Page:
Regulating foreign direct investment in resource-dependent African countries: the case of Chinese investments in Zambia's copper mining sector

PhD Final Presentation


Beyongo Mukete


Seminar Room A, China in the World Building (188), Fellows Lane, ANU


Friday, 23 February, 2018 - 14:30 to 16:00
Zambian president, Edgar Lungu and his Chinese counterpart Xi Jinping.
Zambian president, Edgar Lungu and his Chinese counterpart Xi Jinping.
Credit: African News

China is currently Africa's largest trading and investment partner. The rise of Chinese investment in Africa has seen a growing body of literature, which examines the diverse social, economic and political impact of these investments on the region. While some scholars believe Chinese investment has impacted positively, others argue that it has led to a weakening of local regulations, especially lax environmental and safety regulations. In this debate, African actors and agents are generally considered as passive objects, which neglects the subtle ways in which these local actors and institutions interact, resist and shape Chinese investment.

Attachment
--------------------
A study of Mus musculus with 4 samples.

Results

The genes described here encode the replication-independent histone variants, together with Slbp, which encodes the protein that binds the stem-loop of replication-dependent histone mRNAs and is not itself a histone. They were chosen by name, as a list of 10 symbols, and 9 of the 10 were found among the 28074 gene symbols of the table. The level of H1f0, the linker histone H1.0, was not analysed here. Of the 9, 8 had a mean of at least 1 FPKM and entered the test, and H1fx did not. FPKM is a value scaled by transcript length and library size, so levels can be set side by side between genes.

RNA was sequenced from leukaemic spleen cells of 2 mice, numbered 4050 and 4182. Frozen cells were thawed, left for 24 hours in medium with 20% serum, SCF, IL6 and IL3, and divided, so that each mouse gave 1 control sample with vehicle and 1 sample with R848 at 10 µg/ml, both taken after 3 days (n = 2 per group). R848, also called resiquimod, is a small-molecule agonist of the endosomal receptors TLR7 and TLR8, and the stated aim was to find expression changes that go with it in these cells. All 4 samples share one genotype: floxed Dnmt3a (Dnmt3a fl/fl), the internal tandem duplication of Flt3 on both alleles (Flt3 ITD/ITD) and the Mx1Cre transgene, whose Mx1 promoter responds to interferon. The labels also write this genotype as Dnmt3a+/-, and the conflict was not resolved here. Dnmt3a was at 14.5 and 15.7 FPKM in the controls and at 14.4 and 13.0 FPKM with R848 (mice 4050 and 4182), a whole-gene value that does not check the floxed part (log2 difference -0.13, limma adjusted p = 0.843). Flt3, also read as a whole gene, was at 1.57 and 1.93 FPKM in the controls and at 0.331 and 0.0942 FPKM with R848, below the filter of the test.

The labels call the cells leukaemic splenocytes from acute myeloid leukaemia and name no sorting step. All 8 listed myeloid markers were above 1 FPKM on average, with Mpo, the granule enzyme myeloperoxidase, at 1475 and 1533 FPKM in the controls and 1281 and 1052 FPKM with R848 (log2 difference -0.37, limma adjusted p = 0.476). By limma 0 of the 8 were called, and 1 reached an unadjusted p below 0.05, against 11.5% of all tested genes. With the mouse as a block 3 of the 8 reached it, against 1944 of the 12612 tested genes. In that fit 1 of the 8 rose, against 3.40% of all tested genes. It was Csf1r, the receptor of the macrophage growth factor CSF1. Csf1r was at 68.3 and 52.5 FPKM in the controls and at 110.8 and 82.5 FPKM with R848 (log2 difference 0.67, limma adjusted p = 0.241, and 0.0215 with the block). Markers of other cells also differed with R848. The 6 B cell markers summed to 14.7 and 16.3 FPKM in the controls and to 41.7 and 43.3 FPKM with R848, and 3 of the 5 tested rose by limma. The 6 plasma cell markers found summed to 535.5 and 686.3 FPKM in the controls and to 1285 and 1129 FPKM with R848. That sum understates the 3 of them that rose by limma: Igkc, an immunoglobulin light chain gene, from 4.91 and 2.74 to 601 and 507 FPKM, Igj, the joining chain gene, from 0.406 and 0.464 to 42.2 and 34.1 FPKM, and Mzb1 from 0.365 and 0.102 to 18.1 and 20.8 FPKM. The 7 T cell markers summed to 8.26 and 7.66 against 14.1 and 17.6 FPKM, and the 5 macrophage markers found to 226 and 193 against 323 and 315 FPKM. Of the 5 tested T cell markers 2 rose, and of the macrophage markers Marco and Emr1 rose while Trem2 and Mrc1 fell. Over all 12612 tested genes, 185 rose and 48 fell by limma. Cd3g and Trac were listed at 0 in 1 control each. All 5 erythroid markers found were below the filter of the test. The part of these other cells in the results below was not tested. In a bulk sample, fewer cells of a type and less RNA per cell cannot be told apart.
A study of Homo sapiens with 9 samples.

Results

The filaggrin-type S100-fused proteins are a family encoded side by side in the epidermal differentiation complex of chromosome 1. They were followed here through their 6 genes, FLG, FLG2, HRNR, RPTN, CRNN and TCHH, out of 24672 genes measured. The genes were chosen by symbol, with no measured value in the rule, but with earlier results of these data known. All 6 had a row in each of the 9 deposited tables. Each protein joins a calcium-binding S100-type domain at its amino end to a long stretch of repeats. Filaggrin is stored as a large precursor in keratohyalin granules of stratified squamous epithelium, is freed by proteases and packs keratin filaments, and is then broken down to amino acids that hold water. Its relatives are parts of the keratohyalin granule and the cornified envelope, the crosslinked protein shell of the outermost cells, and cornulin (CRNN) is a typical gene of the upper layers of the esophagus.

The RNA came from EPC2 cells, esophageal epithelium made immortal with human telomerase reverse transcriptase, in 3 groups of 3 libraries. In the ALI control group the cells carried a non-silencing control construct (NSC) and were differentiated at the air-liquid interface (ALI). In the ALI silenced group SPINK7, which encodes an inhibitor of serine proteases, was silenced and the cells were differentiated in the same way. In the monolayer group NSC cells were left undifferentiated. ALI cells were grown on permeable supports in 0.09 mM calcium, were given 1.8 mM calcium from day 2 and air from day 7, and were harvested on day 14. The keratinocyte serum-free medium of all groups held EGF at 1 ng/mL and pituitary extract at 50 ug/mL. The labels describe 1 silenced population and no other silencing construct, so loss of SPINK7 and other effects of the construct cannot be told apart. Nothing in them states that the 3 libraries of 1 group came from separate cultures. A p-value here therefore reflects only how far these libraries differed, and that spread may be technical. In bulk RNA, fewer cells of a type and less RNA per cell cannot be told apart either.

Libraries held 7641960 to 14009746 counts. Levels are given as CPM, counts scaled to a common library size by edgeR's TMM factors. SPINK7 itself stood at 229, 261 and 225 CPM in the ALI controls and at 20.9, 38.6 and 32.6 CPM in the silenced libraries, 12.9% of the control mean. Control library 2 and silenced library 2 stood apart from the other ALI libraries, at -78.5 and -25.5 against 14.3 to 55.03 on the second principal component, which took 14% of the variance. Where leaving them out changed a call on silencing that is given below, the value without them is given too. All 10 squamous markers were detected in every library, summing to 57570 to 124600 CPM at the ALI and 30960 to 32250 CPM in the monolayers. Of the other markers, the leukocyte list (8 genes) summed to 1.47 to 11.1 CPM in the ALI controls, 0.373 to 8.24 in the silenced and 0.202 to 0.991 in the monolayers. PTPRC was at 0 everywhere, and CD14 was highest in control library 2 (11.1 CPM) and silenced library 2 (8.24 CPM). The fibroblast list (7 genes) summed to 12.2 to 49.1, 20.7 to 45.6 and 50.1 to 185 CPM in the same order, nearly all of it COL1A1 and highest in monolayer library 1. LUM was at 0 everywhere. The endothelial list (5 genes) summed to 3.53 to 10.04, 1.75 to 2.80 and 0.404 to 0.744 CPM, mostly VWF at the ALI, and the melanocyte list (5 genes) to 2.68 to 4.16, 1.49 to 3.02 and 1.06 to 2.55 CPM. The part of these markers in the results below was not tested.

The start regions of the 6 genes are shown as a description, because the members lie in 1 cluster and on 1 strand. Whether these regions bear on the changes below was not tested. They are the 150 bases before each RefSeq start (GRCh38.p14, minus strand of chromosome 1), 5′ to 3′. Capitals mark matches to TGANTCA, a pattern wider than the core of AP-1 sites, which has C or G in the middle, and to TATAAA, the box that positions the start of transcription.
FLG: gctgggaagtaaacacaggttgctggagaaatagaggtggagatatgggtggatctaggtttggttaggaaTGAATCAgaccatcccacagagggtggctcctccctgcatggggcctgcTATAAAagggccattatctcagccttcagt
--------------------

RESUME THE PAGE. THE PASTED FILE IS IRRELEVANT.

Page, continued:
This thesis examines the regulation of Chinese investments in Zambia, focusing on the different ways in which local actors and institutions interact with Chinese investments in Zambia's copper mining sector. The thesis adopts a political economy approach, which examines how local actors in the host country may alter domestic institutions to counter the negative impacts of FDI. These responses are dependent on how FDI affects the group or actor's core interest and the position of the actor in the host country's political, economic and social institutional context. Utilising this framework, I examine how local actors interact with two state-owned Chinese mining companies in Zambia. Drawing on fieldwork-based interviews in Zambia and extensive desk research, I argue that Chinese investment has incentivised local actors to resist lax regulatory standards, demand for, and attain, tougher regulations. In turn, some Chinese companies operating in Zambia have improved their safety and environmental practices - suggesting a more nuanced and optimistic view of Chinese investment in Africa than has dominated the literature to date.

About the speaker

Beyongo Mukete is PhD candidate at the Australian Centre on China in the World, ANU. His research focuses on local response to growing Chinese outbound direct investment in Zambia. He completed his undergraduate and postgraduate studies at the University of Yaounde II-Soa, Cameroon, and the Cherkassy State Technological University, Ukraine.